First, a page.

Just when one thought they could no longer be astounded by the brazen corruption in Kenya, a scandal even more momentous and daring is exposed.
In the last two weeks, the extent of pillage that has been taking place in three public institutions has been laid bare.
At the National Youth Service (NYS), suppliers were paid Sh8 billion despite supplying nothing. An intricate web involving ghost companies in collusion with NYS officials at the Youth ministry conspired to steal billions of shillings.
It seemed to matter little that this was the very institution at the heart of another corruption scandal where the government payment portal was manipulated to make corrupt payments amounting to hundreds of millions.
Then enter the National Cereals and Produce Board (NCPB) where merchants who own no farms supplied tens of thousands of bags of maize and were promptly paid amounts totalling Sh1.9 billion. The eight merchants were prioritised over 4,000 farmers who have supplied maize to NCPB and are still waiting for their payments half-a-year later.
The third case is the results of the internal audit that was carried out at Kenya Power Company. The audit revealed a scheme where officials of the company used fronts to prequalify themselves to become suppliers.
The question is simple. Who’s next and where will it stop? It looks like an avalanche — that there’s massive involvement by officials in parastatals, ministries and agencies to loot public resources. What is going on is sheer looting. People are behaving as if there’s a panic and want to grab whatever they can in the shortest time possible. Brace for more shocks.
Corruption is now an existential threat to the very existence of Kenya. The country cannot continue with these revelations about freewheeling enrichment by government officials in a country where there’s massive unemployment, dwindling opportunities and a harsh business environment. The storm is building.
However, in this cloud, there is a silver lining. In the life of every nation, there comes a time when an opportunity to correct long-standing wrongs presents itself. In politics, the tipping point was the 2007 post-election violence.
For corruption, the country has reached a tipping point. What is new?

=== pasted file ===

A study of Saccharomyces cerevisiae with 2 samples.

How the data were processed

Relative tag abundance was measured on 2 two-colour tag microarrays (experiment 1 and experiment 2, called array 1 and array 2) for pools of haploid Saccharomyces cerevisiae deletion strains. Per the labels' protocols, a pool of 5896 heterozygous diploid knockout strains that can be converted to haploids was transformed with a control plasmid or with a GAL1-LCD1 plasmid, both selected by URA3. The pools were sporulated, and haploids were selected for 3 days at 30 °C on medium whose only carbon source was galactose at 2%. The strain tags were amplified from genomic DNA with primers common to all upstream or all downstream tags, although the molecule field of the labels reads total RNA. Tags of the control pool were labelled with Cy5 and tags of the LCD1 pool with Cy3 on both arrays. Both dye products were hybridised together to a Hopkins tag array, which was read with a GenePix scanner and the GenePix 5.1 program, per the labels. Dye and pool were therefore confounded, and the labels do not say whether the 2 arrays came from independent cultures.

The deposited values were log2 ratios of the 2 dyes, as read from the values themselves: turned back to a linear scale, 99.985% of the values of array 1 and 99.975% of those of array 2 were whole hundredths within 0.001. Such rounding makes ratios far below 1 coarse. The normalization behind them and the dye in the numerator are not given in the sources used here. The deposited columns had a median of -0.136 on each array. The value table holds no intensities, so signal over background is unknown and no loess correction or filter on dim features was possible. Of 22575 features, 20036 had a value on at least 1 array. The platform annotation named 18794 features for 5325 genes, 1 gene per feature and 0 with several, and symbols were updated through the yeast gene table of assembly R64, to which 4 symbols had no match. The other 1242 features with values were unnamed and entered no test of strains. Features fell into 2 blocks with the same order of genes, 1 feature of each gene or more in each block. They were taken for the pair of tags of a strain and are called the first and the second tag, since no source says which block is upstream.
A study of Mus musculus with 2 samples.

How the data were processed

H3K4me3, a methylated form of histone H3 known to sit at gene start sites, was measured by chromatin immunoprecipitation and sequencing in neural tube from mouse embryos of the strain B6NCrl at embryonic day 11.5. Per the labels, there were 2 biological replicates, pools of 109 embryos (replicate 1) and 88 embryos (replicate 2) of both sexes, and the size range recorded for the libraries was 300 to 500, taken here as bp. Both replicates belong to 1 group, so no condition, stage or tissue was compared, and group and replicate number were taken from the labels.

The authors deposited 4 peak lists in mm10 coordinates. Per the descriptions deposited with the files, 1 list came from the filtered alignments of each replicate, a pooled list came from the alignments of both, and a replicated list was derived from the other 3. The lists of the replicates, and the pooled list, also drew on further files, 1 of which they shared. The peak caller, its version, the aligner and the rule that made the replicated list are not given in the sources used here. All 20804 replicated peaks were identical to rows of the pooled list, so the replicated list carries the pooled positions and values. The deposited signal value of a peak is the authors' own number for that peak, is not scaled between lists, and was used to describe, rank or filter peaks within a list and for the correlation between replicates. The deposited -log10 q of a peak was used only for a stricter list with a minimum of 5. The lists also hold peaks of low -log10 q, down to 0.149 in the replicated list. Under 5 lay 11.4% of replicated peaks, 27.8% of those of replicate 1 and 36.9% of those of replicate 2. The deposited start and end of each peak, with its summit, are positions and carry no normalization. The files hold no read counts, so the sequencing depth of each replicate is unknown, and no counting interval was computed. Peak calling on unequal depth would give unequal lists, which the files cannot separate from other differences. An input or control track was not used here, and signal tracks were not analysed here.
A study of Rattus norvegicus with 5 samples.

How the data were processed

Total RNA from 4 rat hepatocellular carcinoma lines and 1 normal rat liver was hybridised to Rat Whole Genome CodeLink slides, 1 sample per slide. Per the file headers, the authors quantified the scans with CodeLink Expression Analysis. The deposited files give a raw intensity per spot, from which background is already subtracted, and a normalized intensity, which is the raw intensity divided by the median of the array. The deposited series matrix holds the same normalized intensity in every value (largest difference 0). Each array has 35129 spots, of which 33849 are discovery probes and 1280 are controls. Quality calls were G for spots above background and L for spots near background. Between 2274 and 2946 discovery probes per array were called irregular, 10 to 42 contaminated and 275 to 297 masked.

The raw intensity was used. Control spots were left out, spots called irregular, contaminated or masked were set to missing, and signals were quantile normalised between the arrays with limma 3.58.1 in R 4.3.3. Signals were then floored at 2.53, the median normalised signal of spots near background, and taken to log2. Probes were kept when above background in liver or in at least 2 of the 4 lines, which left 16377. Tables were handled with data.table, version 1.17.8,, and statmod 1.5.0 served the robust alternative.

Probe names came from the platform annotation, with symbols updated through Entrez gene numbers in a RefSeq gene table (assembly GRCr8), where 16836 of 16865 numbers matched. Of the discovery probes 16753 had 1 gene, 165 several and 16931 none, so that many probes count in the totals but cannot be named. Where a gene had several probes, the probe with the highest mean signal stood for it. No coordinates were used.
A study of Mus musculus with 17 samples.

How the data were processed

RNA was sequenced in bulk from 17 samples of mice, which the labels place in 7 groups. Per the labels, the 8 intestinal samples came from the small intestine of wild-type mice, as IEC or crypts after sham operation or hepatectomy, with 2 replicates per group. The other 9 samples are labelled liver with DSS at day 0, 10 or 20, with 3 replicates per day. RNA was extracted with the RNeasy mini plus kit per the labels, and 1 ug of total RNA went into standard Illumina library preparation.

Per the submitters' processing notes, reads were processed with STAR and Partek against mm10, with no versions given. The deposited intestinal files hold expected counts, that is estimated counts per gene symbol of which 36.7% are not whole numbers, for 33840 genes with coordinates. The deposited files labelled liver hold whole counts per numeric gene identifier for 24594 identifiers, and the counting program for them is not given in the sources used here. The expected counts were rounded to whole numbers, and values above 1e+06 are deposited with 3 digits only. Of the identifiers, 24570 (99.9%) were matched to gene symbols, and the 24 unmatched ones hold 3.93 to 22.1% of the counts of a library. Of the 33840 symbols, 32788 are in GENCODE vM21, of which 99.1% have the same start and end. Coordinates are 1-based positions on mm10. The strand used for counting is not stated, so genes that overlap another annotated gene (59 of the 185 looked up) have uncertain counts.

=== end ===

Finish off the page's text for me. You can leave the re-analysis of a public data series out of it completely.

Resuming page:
The first is the sheer brazenness of the theft. The perpetrators are operating in utter impunity.
Secondly, the courts have finally found their calling in the battle against corruption. For the first time in a long time, a court has sent to jail serious public figures for corruption.
The jailing of former Nairobi Town Clerk John Gakuo, former Nairobi city Legal Secretary Mary Ng’ethe and former Local Government Permanent secretary Sammy Kirui, must have sent alarm bells ringing among those implicated in corruption cases.
It also must have sent a message to other judicial officers hearing corruption cases that some of their colleagues are ready to grab the tiger by the tail.
Third, there has been quick action by the Cabinet secretaries and Principal secretaries in the ministries involved. Crops Principal secretary Richard Lesiyampe has sent NCPB bosses packing to pave way for investigations while Public Service Cabinet secretary Margaret Kobia has sent all NYS staff working in procurement, accounting and finance departments on compulsory leave. The NYS Director General, Richard Ndubai, and Youth PS Lilian Omollo have stepped down to allow investigations.
Fourth, there has been a cleanup at the Directorate of Criminal investigations and the Office of the Director of Public Prosecutions, which seems to have given impetus to these offices.
The country is united in outrage. For once, there is no clamour about our tribe being finished or our man being persecuted politically.
It is time to clean up the Augean Stables. The biggest obstacle to fighting corruption has always been that the big fish could not be touched either because they were “connected at the highest levels” or they compromised detectives and judges.
What this battle now needs to move forward is a clear and consistent message from President Uhuru Kenyatta and his deputy William Ruto, that nobody will be spared whatever their “connections”. This will embolden those who have decided to take the fight to the corrupt. It is especially critical that the Judiciary convicts even more big names to convince Kenyans something is finally happening. This will also put the fear of God in officials who are carrying out “heists” of public funds.
The President remains the one person by virtue of his office, with the capacity to give this battle the impetus it needs through moral, spiritual and financial support. There is going to be pain, including throwing friends and allies under the bus, but this rot is so deep that pain is inevitable.
The moment for striking a death blow against corruption has arrived. The country must seize it!